Description

Ashwagandha uk

Ashwagandha uk is an evergreen shrub that grows in Asia and Africa. It is commonly used for stress. There is little evidence for its use as an “adaptogen.”

Ashwagandha contains chemicals that might help calm the brain, reduce swelling, lower blood pressure, and alter the immune system.
Since ashwagandha is traditionally used as an adaptogen, it is used for many conditions related to stress. Adaptogens are believed to help the body resist physical and mental stress. Some of the conditions it is used for include insomnia, aging, anxiety and many others, but there is no good scientific evidence to support most of these uses. There is also no good evidence to support using ashwagandha for COVID-19.

Don’t confuse ashwagandha with Physalis alkekengi. Both are known as winter cherry. Also, don’t confuse ashwagandha with American ginseng, Panax ginseng, or eleuthero.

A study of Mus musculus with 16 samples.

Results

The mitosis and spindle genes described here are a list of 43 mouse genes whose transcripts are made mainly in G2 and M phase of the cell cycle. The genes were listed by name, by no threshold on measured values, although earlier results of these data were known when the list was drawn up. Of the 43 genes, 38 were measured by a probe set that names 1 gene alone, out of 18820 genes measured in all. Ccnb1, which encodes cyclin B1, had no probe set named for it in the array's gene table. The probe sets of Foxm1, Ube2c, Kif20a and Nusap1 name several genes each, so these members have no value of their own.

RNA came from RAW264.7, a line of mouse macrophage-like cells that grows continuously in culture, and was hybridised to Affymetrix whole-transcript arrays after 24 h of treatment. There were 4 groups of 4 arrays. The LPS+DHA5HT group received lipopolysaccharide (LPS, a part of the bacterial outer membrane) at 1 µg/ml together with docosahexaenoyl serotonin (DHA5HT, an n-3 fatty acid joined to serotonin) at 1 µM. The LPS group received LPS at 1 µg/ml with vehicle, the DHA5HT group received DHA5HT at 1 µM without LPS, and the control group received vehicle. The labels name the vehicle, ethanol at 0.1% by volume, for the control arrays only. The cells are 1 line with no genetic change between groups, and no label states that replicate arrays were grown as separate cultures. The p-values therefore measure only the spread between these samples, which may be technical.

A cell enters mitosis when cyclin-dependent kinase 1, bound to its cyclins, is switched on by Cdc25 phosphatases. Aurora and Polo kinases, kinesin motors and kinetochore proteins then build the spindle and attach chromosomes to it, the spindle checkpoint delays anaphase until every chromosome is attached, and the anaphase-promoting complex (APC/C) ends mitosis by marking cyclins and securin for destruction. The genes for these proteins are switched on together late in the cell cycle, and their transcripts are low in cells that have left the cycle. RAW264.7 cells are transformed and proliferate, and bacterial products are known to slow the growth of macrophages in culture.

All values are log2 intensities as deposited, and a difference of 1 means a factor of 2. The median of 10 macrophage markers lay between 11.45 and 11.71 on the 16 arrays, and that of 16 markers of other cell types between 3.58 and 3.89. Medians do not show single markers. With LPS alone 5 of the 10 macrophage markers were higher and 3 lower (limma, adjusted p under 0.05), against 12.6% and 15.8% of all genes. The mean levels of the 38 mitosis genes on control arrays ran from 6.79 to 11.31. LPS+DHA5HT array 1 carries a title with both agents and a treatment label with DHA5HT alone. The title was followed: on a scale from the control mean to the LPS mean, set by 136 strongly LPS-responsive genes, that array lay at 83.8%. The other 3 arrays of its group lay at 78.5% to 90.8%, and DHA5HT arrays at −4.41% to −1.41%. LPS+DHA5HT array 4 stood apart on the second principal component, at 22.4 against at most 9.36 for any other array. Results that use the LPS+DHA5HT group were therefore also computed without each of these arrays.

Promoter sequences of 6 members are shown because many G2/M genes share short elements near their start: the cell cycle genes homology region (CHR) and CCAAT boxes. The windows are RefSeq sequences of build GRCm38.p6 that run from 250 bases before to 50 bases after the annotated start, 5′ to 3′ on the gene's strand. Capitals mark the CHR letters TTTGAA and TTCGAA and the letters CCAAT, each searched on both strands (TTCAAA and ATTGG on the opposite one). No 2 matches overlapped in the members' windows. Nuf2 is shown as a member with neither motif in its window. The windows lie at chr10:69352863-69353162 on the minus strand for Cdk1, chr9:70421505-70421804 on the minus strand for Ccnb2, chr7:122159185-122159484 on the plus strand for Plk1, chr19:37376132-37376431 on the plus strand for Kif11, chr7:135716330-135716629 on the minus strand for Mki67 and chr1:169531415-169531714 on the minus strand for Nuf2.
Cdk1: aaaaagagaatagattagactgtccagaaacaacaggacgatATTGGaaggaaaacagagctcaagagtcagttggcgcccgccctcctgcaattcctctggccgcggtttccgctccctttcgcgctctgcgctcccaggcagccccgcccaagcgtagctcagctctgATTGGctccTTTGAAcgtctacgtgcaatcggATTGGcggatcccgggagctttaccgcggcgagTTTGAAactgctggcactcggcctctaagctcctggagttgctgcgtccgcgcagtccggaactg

Possibly Effective for

  • A type of persistent anxiety marked by exaggerated worry and tension (generalized anxiety disorder or GAD). Taking ashwagandha by mouth seems to improve anxiety in people with persistent anxiety.
  • Insomnia. Taking ashwagandha by mouth seems to improve overall sleep and sleep quality in some people.
  • Stress. Taking ashwagandha by mouth seems to help reduce stress in some people. It might also help reduce stress-related weight gain.

There is interest in using ashwagandha for a number of other purposes, but there isn’t enough reliable information to say whether it might be helpful.

Special Precautions and Warnings of ashwagandha uk

When taken by mouth: Ashwagandha is possibly safe when used for up to 3 months. The long-term safety of ashwagandha is not known. Large doses of ashwagandha might cause stomach upset, diarrhea, and vomiting. Rarely, liver problems, including severe liver failure and a need for liver transplantation, might occur.

When applied to the skin: Lotion containing ashwagandha is possibly safe when used for up to 2 months.
Pregnancy: It is likely unsafe to use ashwagandha when pregnant. There is some evidence that ashwagandha might cause miscarriages.

Breast-feeding: There isn’t enough reliable information to know if ashwagandha is safe to use when breast-feeding. Stay on the safe side and avoid use.